US Archives releases longer audio tape from Air Force One after Kennedy assassination

US Archives releases longer audio tape from Air Force One after Kennedy assassination

01/30/2012 4:23 PM

By Bryan Bender, Globe Staff


WASHINGTON -- The Kennedy assassination was one of the most heart-wrenching and chaotic events in modern American history -- and one still replete with mysteries.

But now a little more light has been shed on one of them: What was edited out of the flight deck recording from Air Force One as it carried John F. Kennedy’s body and the new president, Lyndon B. Johnson, from Dallas to Washington.

The National Archives and Records Administration today released a newly discovered recording – running about 2 hours and 20 minutes -- that is nearly 40 minutes longer than the only version previously known to exist.

The more complete recording was discovered last year by the Raab Collection, a manuscript collector in Pennsylvania, after one of its agents purchased at auction a box of personal effects from the estate of General Chester Clifton, who was Kennedy’s military aide.

The whereabouts of the complete Air Force One radio transmissions from Nov. 22, 1963, still remain a mystery. But what makes this a historically significant find is that it is an earlier version of the raw transmissions than the one housed at the LBJ Library, which was more heavily edited and runs only about an hour and 40 minutes.

Clifton, who died in 1991, left the White House in 1965, while the LBJ Library version was made public in 1971.

“This is the earliest that likely exists,” said Nathan Raab, vice president of the Raab Collection in Ardmore, Pa.

The newly found tape, a copy of which was donated to the Archives, includes never-before-heard transmissions between the White House Situation Room and another plane taking Secretary of State Dean Rusk and other Cabinet members to Tokyo at the time of Kennedy’s shooting and was turned back. It also contains an urgent request to locate the head of the Air Force, General Curtis LeMay, whose whereabouts in the immediate aftermath of the assassination have remained an obsession for generations of conspiracy theorists.

Some of the newly discovered radio traffic is raw and uncensored, such as when Rusk and his party are informed of the shooting while flying over the Pacific.

“Kennedy apparently shot in head,” the male radio operator in the Situation Room reports. “He fell face down in back seat of his car, blood was on his head, Mrs. Kennedy cried ‘oh, no’ and tried to hold up his head.”

Also heard are more mundane things, such as the pilots of Air Force One discussing how to avoid tornados in Arkansas and Mississippi along the flight path from Dallas to Washington, D.C.

Raab said he was most intrigued by the portion involving LeMay. Kennedy and the hawkish Air Force chief were widely known to mistrust each other and all references to LeMay were deleted in the Johnson Library version of the recording.

In the longer version, one of LeMay’s aides, a Colonel Dorman, contacts the White House Situation Room seeking to reach the general, who he tells them is flying in a C-140 aircraft with the last three numbers 497 and whose code name is “Grandson.”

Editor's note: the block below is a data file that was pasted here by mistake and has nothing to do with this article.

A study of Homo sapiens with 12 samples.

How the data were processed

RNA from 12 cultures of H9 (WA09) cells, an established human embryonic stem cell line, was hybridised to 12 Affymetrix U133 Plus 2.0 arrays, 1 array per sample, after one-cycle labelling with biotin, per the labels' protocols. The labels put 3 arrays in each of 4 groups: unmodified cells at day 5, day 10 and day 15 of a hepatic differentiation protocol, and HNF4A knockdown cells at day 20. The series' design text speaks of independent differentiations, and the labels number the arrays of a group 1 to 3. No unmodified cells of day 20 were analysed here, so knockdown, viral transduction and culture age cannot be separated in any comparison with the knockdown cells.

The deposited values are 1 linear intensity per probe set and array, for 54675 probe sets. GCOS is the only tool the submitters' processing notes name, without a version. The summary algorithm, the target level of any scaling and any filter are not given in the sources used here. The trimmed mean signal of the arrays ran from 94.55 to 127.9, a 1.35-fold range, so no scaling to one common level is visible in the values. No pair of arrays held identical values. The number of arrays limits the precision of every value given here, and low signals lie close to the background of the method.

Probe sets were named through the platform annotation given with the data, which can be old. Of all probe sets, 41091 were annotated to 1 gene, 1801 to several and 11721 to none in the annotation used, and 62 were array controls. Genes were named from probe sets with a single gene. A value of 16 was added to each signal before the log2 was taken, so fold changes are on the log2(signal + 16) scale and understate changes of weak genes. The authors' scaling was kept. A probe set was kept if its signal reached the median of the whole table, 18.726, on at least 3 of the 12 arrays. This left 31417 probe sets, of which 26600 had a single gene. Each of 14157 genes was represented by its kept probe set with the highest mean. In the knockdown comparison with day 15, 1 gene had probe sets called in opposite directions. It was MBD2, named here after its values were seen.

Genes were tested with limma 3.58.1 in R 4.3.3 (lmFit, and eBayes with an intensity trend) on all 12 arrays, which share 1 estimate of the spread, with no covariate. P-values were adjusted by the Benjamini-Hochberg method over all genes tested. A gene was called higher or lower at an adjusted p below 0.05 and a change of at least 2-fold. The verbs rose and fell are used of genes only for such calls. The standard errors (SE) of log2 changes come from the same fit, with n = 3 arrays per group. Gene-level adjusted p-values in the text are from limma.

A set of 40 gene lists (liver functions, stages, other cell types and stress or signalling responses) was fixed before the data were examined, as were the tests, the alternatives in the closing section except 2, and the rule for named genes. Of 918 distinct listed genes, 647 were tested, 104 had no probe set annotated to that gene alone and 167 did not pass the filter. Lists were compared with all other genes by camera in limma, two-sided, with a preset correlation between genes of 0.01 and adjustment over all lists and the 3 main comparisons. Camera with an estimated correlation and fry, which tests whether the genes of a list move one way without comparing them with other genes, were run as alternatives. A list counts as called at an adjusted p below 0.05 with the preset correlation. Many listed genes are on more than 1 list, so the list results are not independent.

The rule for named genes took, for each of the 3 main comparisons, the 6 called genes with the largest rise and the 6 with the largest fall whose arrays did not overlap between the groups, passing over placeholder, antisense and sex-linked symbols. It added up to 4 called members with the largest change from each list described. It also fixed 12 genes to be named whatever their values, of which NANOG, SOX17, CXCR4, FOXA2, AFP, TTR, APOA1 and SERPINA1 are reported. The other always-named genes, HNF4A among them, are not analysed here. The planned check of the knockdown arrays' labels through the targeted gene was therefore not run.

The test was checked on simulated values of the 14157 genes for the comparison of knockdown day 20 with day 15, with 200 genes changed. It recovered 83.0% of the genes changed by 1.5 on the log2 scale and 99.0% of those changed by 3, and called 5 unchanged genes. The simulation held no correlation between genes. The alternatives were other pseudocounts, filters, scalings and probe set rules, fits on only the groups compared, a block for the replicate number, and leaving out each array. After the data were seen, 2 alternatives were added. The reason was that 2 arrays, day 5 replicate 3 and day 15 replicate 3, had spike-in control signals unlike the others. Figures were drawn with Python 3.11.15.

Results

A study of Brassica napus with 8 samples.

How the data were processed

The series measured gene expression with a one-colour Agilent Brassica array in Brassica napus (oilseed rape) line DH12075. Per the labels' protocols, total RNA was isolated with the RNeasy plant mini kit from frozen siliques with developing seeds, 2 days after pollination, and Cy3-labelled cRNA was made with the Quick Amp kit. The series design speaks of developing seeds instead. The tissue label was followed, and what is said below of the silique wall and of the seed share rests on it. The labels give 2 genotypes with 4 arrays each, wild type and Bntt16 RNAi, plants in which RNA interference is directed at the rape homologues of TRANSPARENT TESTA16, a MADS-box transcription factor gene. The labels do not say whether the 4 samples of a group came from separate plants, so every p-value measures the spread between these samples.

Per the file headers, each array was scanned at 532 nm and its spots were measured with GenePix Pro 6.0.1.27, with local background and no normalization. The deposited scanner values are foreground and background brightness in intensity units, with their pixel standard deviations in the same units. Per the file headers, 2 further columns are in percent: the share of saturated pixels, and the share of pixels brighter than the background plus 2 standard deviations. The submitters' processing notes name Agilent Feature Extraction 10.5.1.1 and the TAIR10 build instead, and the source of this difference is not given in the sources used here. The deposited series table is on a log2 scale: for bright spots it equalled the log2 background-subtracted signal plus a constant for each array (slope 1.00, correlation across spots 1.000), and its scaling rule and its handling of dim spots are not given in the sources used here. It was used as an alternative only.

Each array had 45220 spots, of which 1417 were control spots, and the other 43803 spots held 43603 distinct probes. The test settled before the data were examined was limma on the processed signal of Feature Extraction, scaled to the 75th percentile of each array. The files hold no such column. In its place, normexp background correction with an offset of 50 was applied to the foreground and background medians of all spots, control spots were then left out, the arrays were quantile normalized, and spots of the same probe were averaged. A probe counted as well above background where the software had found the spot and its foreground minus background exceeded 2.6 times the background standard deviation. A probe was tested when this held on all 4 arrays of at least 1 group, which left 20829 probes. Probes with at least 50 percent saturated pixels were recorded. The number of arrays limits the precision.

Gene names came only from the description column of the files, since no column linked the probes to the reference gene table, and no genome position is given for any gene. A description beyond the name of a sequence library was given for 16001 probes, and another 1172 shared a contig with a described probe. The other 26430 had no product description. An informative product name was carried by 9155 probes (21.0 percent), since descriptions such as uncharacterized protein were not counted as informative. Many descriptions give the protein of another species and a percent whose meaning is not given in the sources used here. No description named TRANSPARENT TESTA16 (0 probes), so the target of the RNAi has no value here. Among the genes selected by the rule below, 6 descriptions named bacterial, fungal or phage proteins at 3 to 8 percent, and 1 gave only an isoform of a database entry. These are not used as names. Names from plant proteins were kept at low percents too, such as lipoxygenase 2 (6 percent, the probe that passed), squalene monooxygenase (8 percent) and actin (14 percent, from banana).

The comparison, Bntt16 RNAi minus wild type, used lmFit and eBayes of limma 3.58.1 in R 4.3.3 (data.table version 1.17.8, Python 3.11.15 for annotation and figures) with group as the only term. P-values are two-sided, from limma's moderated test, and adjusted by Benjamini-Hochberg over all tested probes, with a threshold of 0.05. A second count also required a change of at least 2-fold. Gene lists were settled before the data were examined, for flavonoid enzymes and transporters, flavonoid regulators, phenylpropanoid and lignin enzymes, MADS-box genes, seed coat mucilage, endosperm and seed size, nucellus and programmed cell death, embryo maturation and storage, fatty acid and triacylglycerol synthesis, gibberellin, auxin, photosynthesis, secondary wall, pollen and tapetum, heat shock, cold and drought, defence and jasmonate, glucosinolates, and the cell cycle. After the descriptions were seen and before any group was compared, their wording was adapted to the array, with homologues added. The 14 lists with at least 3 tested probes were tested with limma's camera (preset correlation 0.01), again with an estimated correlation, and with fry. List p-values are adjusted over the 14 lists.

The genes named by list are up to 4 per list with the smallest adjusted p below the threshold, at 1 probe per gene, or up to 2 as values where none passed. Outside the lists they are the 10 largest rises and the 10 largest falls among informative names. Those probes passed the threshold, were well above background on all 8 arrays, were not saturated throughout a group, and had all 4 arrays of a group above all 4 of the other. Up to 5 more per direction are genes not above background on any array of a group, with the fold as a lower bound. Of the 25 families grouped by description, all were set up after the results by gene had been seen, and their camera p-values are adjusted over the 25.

“And I want to talk to him,” the colonel says. Any delay, he adds, “would be too late.”

But he is told they will have to interrupt transmissions with Air Force One to do so. The Situation Room reports that they are using both frequencies available to communicate with the presidential aircraft.

Summarizing the portions of the tape not made public before, the National Archives cited “references to new code names and incidents; a private conversation between Jerry Behn, the head of the Secret Service, and an unidentified individual about the disposition of the president’s body; an urgent effort by an aide to Air Force Chief of Staff Curtis LeMay to reach [him]; and attempts to locate various members of Congress from the Texas delegation.”

Archivist of the United States David S. Ferriero said the recording “provides additional documentation concerning the immediate response of the US Government on the day of President Kennedy’s assassination.”

The tape, added, Raab, “will allow the public a more complete view of the chaotic circumstances following the assassination of President Kennedy.”

But the recording only goes so far. Several hours of raw tape are still missing. The transmissions heard on Air Force One that day should cover more than four hours -- from before 2 p.m. Eastern time to after 6 p.m., when the new president and the casket bearing JFK arrived at Andrews Air Force Base in suburban Maryland.

“The raw tapes never resurfaced after 1965-66, and the very existence of the first Air Force One assassination tape [found among Clifton’s papers] was forgotten,” said the Raab Collection. “Over the years all the efforts to find the raw tapes or any other original version proved fruitless. They are no longer with the White House Communications Agency, where they were created.”

The Raab Collection is selling the original copy of the reel-to-reel recording for $500,000, along with other items found among Clifton’s estate, including an autographed photograph of President Kennedy.